Presentation on theme: "Rosa Parks, Martin Luther King Jr. and The Montgomery bus Boycott."— Presentation transcript:
Rosa Parks, Martin Luther King Jr. and The Montgomery bus Boycott
Rosa Louise McCauley Parks (February 4 th, October 25 th, 2005) has been called the "Mother of the Modern-Day Civil Rights Movement." by not giving up her seat to a white passenger on a city bus.
The story began when Rosa Parks, after a long day of work, took a city bus to go home. She sat down in a spot in the middle of the bus. (Black people were allowed to sit in this section as long as no white person was standing.) After several stops the bus was full and white people were climbing aboard. The driver ordered the black people to move to the back of the bus and they all get up, except for Rosa parks.
Rosa Parks was tired of being treated as a second-class citizen and although the driver continued shouting her to move, Rosa Parks refused to get up from her seat. The angry bus driver marched to Mrs. Parks and demanded to her to move to the back of the bus, she didnt and he left the bus and returned with a policeman. Mrs. Parks was arrested for violating segregation laws.
Upon hearing of Rosa Parks' arrest, Mr. E.D. Nixon, a friend and longtime civil rights leader, posts her bail. Although Rosa Parks was not the first black person to be treated unfairly, he was determined to make her the last.
Knowing that the city bus system depended heavily on the African-American community, the black leaders agreed to call a boycott of all city buses. Martin Luther King Jr. was chosen to lead the boycott. King asked to the protesters to fight without violence. United in protest, boycotters chose instead to walk, take carpools, pedal bicycles and even ride mules to get to work instead of board the buses.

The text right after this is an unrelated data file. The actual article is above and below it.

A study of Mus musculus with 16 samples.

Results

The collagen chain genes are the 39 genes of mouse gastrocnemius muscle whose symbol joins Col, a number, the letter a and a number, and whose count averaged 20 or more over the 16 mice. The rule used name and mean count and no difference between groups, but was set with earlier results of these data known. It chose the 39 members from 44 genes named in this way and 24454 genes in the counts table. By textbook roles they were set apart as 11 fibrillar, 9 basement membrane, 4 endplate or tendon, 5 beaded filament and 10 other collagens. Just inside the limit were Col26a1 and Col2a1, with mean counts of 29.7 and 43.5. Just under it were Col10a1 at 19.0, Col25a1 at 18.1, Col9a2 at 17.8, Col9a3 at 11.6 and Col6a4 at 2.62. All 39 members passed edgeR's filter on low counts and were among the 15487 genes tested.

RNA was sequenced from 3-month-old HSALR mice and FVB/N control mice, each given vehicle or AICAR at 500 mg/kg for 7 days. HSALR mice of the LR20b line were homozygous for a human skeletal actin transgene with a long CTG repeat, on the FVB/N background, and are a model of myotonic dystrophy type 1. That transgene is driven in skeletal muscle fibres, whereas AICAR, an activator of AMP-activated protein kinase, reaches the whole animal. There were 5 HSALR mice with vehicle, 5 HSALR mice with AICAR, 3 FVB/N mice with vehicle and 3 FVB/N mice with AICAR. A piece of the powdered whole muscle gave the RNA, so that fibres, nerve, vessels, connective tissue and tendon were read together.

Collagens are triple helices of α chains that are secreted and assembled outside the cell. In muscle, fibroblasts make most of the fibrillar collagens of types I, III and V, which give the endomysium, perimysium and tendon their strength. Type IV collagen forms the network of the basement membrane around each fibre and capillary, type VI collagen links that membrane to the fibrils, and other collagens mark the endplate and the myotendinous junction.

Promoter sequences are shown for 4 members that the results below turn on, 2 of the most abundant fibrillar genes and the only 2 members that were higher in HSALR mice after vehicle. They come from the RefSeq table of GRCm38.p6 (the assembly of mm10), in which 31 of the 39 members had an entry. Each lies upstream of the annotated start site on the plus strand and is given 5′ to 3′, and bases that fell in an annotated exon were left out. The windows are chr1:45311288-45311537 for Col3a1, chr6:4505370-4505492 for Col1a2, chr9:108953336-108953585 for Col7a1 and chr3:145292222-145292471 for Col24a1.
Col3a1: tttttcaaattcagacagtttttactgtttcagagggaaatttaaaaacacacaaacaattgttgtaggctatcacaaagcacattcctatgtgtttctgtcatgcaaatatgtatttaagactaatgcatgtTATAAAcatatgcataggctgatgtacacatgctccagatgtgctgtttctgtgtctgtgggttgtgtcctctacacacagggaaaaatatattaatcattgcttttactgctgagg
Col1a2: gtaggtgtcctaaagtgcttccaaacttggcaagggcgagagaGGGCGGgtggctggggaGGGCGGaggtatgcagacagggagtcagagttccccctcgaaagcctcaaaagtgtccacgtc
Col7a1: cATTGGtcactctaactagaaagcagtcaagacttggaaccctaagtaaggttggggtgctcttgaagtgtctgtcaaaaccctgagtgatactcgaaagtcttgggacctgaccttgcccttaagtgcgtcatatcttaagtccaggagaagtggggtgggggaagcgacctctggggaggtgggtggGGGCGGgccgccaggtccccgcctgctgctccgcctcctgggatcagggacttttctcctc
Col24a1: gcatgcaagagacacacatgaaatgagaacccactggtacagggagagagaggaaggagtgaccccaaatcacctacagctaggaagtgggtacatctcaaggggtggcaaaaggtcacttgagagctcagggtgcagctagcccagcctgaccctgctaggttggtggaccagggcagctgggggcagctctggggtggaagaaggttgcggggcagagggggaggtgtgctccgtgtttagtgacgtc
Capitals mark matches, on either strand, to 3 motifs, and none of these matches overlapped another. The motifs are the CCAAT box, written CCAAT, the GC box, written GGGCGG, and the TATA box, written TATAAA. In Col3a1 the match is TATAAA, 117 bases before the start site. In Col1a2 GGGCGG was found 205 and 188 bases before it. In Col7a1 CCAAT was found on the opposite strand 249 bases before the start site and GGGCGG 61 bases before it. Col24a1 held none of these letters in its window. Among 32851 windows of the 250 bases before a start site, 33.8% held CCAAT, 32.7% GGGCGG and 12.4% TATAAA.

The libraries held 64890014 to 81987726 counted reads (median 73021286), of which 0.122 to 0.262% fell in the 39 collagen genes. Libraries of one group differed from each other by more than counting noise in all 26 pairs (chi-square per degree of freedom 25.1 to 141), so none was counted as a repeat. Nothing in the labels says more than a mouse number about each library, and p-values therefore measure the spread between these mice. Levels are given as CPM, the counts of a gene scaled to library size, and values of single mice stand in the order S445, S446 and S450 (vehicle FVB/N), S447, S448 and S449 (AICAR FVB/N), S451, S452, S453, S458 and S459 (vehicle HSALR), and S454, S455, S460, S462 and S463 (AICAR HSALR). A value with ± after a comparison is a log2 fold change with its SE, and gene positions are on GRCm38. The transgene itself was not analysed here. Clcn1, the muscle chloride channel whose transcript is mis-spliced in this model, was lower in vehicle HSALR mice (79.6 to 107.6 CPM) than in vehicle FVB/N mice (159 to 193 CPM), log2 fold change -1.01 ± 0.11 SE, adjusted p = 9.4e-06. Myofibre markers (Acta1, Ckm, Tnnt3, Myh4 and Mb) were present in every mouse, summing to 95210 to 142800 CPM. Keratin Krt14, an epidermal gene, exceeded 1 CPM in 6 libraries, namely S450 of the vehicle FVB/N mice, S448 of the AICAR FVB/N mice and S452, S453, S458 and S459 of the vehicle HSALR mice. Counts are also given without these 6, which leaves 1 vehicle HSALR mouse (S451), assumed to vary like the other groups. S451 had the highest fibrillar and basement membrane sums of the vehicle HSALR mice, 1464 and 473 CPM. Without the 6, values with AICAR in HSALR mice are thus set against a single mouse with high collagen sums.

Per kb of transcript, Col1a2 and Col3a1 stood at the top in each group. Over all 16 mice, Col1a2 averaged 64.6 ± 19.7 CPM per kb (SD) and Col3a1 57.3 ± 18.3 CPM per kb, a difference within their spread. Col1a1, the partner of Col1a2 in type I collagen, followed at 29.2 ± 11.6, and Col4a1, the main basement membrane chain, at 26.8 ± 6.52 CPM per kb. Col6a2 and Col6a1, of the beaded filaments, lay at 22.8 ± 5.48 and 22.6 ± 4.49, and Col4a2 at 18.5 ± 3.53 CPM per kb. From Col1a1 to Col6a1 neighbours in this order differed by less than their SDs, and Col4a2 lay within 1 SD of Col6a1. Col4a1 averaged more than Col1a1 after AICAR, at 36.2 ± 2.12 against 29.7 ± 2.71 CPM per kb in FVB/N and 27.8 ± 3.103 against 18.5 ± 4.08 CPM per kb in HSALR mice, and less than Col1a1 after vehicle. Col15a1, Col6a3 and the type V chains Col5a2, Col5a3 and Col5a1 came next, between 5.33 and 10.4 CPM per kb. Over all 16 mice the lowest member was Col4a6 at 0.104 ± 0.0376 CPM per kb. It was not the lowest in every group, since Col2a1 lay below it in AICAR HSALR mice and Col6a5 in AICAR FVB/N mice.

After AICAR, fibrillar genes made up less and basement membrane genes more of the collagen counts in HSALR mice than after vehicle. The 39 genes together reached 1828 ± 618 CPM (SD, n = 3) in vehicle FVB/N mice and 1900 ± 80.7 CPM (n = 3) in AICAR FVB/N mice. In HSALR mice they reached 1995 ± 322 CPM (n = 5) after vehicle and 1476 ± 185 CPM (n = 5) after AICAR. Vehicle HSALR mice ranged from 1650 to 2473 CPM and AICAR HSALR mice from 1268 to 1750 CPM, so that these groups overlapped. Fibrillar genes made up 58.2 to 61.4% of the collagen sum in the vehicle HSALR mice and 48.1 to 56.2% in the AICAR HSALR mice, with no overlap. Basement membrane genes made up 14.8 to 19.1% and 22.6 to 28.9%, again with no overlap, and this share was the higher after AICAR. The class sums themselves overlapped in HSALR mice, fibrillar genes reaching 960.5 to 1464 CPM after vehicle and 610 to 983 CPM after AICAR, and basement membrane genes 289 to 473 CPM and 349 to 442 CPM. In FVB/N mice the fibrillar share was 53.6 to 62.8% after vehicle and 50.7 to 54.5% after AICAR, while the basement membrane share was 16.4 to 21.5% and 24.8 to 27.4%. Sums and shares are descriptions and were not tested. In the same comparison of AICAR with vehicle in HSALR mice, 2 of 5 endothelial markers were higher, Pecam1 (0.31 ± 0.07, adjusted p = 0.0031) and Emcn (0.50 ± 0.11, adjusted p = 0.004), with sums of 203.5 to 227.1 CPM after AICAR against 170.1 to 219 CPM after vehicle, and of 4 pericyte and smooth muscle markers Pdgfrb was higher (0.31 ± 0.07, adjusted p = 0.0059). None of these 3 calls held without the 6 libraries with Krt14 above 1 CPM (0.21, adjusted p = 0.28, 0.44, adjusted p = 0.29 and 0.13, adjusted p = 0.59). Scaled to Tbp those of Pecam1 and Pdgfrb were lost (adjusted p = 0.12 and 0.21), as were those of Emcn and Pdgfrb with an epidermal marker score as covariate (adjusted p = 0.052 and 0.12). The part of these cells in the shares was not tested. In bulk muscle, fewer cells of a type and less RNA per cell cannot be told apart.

They had three simple demands: -Change the law that says African-American passengers must give up their seats to white passengers. -Bus drivers must be courteous to all riders. -Hire African-American bus drivers. Though the demands were modest, city commissioners and the bus company still refuse to budge.
The bus boycott continued and the bus company began to lose money but the company doesn't change its segregation policies. Executives were convinced that the protesters couldn't afford to miss work and will be back on the buses soon. Days turned into weeks and the bus company were forced to cut back on the number of buses serving the city. Also, the price of a ride increased.
Angry and frustrated, some of the white people of Montgomery began to harass and threaten anyone involved with the boycott. The protesters stayed calm and continued to follow the guidance of Dr. King.
Rosa Parks went to court with her lawyer. The judge found her guilty of breaking a city segregation law and she had to pay $14. Declaring that the law was unjust, Rosa Parks' lawyer decided to appeal the case to the U.S. Supreme Court.
Harassment grew worse as the boycott continued. Protesters received threatening phone calls and tickets for trivial violations; their homes were vandalized. The violence reached new heights when one day, while Dr. King was at a church meeting, a bomb exploded at his home while his wife, their baby and a friend were inside. No one were hurt but supporters were crowding around his house. They were furious and ready to fight but King told them that they cannot use violence.
Finally, almost one year after Rosa Parks refusal to give up her seat, the Supreme Court ruled that Montgomery's segregation laws were unconstitutional.
Although the boycott wouldn't have been successful without the unified effort of Montgomery's 17,000 African Americans, no one will forget Rosa Parks, the brave woman who led the way. The next day, Rosa Parks, along with E.D. Nixon and Martin Luther King, Jr., took a city bus. Proudly, Rosa Parks takes a seat right up front.